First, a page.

Carmel Berke with outgoing UJIA Manchester chair Nici Wertheim.

Hi Carmel, tell us how you became involved with UJIA.

I was born in Israel, but when I was six, my parents moved to Finland. We lived in a small village near Helsinki where you could count the number of Jewish families on one hand. It was hard growing up there as a Jewish teenager without that connection. I’ve learned in my time with UJIA what it can give to a child in terms of belief and identity. When people ask me why I became involved in the charity, it’s because I grew up without it.

I never wanted my kids to feel disconnected from their heritage, so much so that when I was 19, I moved back to Israel and volunteered in the air force, where I became a sergeant and was decorated twice for outstanding service. But to get to the top, your Hebrew needs to be flawless. Because my Ivrit wasn’t quite up to scratch, I attended Kibbutz Ulpan, where I met my husband from Prestwich.

When we moved to Manchester, my husband took me to a UJIA charity dinner, where Nici Wertheim, whose role I’m stepping into, gave the welcome speech. We sat right in the back corner because we’d never been to one before and didn’t know what to expect. But I remember when they sang the Hatikvah, I had tears rolling down my face and when Nici spoke so passionately Israel, I didn’t think it possible anyone else could feel so strongly about my mother country.

I remember sitting there half of the night crying because I missed Israel so much. I was so inspired by what Nici had said, I thought: ‘I want to be like her one day’ and that is something that has followed me throughout my life.


How does it feel to be given the role of Manchester chair?

It’s an absolute dream come true – I was so humbled and honoured to have been asked. As a young girl sitting at that dinner nine years ago, I would have thought: ‘what could I possibly offer them?’ But I am incredibly excited for the future.

While I want to continue Nici’s work to ensure UJIA remains a household name, my personal vision is to make people realise it is a charity for everyone. There are a lot of misconceptions about it being a big organisation for big donors. But that’s just not true; we need everybody, regardless of how much they can give. We do have very generous people that keep us going, but it’s not about the size of donations, it’s about taking that responsibility you have as a Jew to support those in need in whatever way you can.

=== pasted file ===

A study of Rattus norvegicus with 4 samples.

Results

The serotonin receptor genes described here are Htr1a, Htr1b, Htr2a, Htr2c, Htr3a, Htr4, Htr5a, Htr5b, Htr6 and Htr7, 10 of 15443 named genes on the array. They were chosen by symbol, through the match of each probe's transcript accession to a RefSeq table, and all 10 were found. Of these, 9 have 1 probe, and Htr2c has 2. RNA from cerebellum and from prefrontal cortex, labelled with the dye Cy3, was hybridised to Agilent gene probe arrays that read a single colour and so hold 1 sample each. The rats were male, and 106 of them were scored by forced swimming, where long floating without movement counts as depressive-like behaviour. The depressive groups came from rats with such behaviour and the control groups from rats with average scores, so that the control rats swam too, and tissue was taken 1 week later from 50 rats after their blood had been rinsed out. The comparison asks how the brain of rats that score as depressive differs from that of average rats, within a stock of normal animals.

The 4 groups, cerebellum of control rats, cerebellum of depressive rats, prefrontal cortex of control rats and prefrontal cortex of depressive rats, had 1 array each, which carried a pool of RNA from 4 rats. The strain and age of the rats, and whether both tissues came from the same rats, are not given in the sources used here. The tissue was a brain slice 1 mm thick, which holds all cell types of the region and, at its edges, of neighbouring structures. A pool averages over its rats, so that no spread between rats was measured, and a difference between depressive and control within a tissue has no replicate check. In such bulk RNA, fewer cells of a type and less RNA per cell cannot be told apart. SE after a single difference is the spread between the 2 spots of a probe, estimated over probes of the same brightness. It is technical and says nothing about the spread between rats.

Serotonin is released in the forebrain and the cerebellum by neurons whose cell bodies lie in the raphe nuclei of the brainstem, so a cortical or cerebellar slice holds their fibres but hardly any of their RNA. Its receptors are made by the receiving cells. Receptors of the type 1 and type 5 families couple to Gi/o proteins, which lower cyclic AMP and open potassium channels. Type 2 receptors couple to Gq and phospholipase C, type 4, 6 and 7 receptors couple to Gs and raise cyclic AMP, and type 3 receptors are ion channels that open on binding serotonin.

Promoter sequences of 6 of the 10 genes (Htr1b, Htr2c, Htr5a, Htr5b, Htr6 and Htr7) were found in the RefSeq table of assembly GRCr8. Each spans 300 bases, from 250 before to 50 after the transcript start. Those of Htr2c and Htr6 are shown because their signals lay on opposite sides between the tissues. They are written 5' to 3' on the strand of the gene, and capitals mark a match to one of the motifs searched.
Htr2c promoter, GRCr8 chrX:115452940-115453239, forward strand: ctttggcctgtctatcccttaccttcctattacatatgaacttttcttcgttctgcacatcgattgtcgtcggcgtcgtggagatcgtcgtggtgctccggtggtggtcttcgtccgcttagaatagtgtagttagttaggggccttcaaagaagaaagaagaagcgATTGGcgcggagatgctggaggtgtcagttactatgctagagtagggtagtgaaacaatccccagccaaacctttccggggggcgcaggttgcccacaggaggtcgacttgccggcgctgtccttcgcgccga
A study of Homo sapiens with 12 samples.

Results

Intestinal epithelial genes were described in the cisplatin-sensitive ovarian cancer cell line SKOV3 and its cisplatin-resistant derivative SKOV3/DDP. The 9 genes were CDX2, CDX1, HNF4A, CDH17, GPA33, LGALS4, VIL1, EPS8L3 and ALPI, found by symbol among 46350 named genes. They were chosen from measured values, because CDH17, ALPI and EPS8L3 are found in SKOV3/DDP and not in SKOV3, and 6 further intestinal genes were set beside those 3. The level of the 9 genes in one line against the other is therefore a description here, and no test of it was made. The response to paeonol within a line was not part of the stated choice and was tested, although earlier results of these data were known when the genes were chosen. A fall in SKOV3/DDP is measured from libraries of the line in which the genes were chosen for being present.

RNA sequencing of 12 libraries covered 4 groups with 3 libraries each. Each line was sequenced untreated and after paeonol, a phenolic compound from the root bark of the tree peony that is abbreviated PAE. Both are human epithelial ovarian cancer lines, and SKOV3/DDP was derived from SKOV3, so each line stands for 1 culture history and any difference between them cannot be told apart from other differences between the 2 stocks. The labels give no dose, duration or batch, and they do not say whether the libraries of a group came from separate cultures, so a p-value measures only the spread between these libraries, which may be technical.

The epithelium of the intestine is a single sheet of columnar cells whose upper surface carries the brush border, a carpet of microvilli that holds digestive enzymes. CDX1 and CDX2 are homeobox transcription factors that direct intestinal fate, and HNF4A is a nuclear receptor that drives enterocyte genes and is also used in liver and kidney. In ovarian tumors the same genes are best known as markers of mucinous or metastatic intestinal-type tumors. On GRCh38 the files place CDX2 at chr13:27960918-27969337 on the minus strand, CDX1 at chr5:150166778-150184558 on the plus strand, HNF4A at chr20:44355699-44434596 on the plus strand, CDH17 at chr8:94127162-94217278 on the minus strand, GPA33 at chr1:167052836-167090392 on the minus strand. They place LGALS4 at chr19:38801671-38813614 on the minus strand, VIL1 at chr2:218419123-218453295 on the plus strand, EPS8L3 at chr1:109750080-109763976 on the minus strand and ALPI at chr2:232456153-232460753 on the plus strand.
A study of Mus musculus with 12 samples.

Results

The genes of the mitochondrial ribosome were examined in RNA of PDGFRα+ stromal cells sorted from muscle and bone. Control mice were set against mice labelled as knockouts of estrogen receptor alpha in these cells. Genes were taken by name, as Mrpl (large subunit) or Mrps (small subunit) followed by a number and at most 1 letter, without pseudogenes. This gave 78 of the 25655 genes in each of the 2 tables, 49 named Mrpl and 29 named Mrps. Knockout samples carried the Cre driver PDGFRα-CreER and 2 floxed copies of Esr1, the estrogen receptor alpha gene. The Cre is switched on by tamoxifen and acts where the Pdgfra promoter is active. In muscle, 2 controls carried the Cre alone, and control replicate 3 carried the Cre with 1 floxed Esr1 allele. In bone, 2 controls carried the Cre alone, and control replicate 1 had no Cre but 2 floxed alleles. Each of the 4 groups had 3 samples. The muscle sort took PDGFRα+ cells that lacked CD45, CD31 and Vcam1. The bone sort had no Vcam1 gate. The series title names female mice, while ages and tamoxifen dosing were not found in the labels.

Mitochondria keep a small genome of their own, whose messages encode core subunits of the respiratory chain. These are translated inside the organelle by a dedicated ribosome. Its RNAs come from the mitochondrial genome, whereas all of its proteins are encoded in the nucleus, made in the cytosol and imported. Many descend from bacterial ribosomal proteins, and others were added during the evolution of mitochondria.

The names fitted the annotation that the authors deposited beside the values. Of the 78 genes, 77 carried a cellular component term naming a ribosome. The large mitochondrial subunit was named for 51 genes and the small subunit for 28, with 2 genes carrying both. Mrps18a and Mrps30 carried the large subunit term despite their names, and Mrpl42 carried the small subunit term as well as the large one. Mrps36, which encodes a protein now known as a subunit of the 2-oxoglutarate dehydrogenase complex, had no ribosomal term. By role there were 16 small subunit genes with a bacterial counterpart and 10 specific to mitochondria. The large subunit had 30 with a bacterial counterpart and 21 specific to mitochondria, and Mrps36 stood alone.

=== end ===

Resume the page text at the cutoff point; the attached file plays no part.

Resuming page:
What does the charity have lined up for 2021?

Last year for International Women’s Day, Jewish women from across the country participated in a sponsored hike in the Peak District. Obviously we can’t do that this year, so we wanted to do something a little bit different in releasing a podcast series with five 10-minute interviews. We’re asking women everywhere to go for a walk on International Women’s Day and listen to the podcast to create a kind of unity.

In one of the episodes, I give an insight into increasing immunity through what you eat. As a clinical nutritionist I deal a lot with the consequences of malnutrition. Believe it or not, it’s all too common here in the UK, and something on which COVID has had a massive impact. Living in Finland, foraging was a way of life that gave me a real understanding of how food gets to your table – a process that’s always fascinated me.

Then we have Nici talking about balancing a full-time career with her role at the UJIA while being a mum; a psychotherapist who is also a personal trainer talking about combining exercise with therapy to help combat lockdown anxiety; and our UJIA Israel director talking powerfully about the determined women in the organisation that really want to make a difference. It’s just something to keep us on the map while we can’t do the things that we would normally do, and it will hopefully inspire others to collective action, even if they can’t be together in person.

We’re still trying to organise our annual autumn dinner, hopefully a live event but even if we have to make it another online event (which I think people are tired of now), we’re going to do it in a way that people will remember, sharing the stories that will make them realise how lucky they are in a year during which the pandemic has taken away so much from so many.